A Mini celebration!
Published on August 24th, 2019
This year marks the 60th anniversary of the launch by the British Motor Corporation (BMC) of the diminutive Mini car, which was unveiled on 26th August 1959 and went on to become one of the best-selling and best-loved British cars in history.
This new small and affordable front-wheel-drive car was marketed under two names: Austin Seven and Morris Mini-Minor. Both vehicles were the same except that their radiator grilles were different, and by 1962 both vehicles were known simply as the Mini.
One of the iconic cars of the 1960s, this little car was fast; it stuck to the road like a limpet; its acceleration was spectacular, but most importantly, the Mini was fun! Very quickly the Mini became the car to be seen in. Celebrities in the King’s Road, film stars on Sunset Boulevard, fashion models in the Champs Elysees – everyone wanted a Mini.
So how did the Mini come about? In the mid 1950s the Suez Canal was requisitioned by the Egyptian Government, forcing seaborne tankers to take the long route round the horn of Africa. This so-called Suez Crisis caused a shortage of fuel, and petrol rationing was re-introduced. Manufacturers such as the British Motor Company, a conglomerate of Austin, Morris, Wolseley, Riley and Vanden Plas, noted with growing concern the success of smaller cars, including the bubble cars, the micro cars and continental small saloons, and recognised the need to bring out their own version of an economical small saloon car.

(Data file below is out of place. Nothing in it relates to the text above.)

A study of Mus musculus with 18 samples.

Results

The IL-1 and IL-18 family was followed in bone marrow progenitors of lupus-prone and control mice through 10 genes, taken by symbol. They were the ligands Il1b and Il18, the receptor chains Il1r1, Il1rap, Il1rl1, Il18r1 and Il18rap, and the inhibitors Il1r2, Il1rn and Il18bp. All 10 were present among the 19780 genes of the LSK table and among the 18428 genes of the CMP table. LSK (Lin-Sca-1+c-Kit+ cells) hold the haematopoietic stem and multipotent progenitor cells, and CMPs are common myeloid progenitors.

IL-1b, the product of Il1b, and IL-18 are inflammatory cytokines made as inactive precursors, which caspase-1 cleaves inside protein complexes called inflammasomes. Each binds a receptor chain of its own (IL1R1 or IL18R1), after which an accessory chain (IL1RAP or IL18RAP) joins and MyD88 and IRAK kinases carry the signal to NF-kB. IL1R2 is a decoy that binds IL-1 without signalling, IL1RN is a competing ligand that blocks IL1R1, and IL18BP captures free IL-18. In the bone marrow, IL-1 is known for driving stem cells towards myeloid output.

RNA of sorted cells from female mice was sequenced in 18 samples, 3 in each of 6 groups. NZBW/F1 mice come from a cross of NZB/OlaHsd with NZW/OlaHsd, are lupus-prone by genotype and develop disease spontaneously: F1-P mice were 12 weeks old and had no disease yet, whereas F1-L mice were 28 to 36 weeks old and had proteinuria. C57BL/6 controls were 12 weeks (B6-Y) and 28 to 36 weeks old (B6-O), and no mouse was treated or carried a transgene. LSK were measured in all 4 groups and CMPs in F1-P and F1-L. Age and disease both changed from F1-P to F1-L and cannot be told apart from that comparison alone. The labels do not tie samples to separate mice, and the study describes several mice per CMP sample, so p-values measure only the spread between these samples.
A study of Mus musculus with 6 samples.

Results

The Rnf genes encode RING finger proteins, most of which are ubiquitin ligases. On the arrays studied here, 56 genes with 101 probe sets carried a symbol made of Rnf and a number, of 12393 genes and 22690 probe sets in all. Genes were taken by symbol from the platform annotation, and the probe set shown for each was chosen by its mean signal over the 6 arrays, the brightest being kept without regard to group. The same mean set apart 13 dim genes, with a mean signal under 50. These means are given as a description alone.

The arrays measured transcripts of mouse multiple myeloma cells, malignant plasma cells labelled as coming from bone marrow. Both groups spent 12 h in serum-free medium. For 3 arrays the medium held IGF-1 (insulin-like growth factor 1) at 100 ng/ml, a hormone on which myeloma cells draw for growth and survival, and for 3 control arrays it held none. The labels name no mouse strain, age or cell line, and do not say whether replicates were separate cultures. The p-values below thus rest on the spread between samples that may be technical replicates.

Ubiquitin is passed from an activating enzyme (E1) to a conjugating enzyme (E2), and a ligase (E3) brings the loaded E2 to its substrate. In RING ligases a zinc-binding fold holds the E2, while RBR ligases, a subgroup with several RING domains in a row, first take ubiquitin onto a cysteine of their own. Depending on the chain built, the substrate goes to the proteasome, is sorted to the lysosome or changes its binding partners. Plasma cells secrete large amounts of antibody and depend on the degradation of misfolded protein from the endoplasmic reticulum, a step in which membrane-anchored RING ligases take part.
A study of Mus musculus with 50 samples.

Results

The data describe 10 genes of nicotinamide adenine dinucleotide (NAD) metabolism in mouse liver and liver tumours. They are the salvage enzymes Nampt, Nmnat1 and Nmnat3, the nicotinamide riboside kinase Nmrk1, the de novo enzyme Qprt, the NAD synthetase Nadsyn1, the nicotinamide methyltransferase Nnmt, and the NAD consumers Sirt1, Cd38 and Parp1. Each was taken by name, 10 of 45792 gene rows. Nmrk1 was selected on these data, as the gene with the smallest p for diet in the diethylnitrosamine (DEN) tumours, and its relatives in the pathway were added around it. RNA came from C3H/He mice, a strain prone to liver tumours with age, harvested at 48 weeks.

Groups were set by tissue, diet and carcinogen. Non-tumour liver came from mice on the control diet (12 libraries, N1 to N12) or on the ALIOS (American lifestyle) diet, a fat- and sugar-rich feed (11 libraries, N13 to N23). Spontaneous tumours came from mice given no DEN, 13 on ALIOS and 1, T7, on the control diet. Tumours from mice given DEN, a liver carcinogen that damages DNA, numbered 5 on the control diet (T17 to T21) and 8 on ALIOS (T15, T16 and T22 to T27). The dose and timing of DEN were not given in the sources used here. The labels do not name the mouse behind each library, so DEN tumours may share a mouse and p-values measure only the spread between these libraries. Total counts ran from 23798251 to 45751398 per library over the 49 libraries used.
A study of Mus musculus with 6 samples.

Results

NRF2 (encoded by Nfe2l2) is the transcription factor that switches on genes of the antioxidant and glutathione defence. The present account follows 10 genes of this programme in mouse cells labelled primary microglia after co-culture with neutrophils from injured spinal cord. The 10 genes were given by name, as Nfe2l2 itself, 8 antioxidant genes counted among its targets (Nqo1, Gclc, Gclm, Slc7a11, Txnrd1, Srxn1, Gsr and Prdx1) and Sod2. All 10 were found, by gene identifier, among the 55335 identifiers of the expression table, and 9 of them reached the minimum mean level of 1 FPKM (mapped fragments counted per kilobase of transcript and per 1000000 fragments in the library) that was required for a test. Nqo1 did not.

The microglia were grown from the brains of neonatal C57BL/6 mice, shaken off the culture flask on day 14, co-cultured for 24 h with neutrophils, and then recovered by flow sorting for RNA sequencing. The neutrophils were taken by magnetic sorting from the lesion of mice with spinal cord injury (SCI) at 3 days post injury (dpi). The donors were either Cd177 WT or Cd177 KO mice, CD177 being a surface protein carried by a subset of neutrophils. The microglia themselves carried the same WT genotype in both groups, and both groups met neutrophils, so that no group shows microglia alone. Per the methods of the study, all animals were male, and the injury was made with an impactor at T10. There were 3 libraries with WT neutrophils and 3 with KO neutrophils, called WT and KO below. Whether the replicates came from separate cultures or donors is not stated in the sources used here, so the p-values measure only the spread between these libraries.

BMC prepared its design brief, which required the car to be the smallest possible vehicle that could carry four passengers and luggage, with good performance and economical fuel consumption. Alec Issigonis, a respected engineer with a good track record and experience of working with various BMC car manufacturers, came up with the design of the Mini. It is said that the original drawings were produced on the back of a cigarette packet, or, in other versions, a restaurant tablecloth.
The Mini was launched in 1959 and went on to rival the Ford Model T and the Volkswagen Beetle in longevity and production numbers, but no-one at that time could have anticipated the staying power of the Mini and the affection felt for it. The original factory version continued to be built into the 21st century when a totally new design was introduced.
We mark this anniversary with a selection of nostalgic photographs from The Francis Frith Collection showing this iconic car in its 1960s heyday. Have fun finding the Mini cars in these views!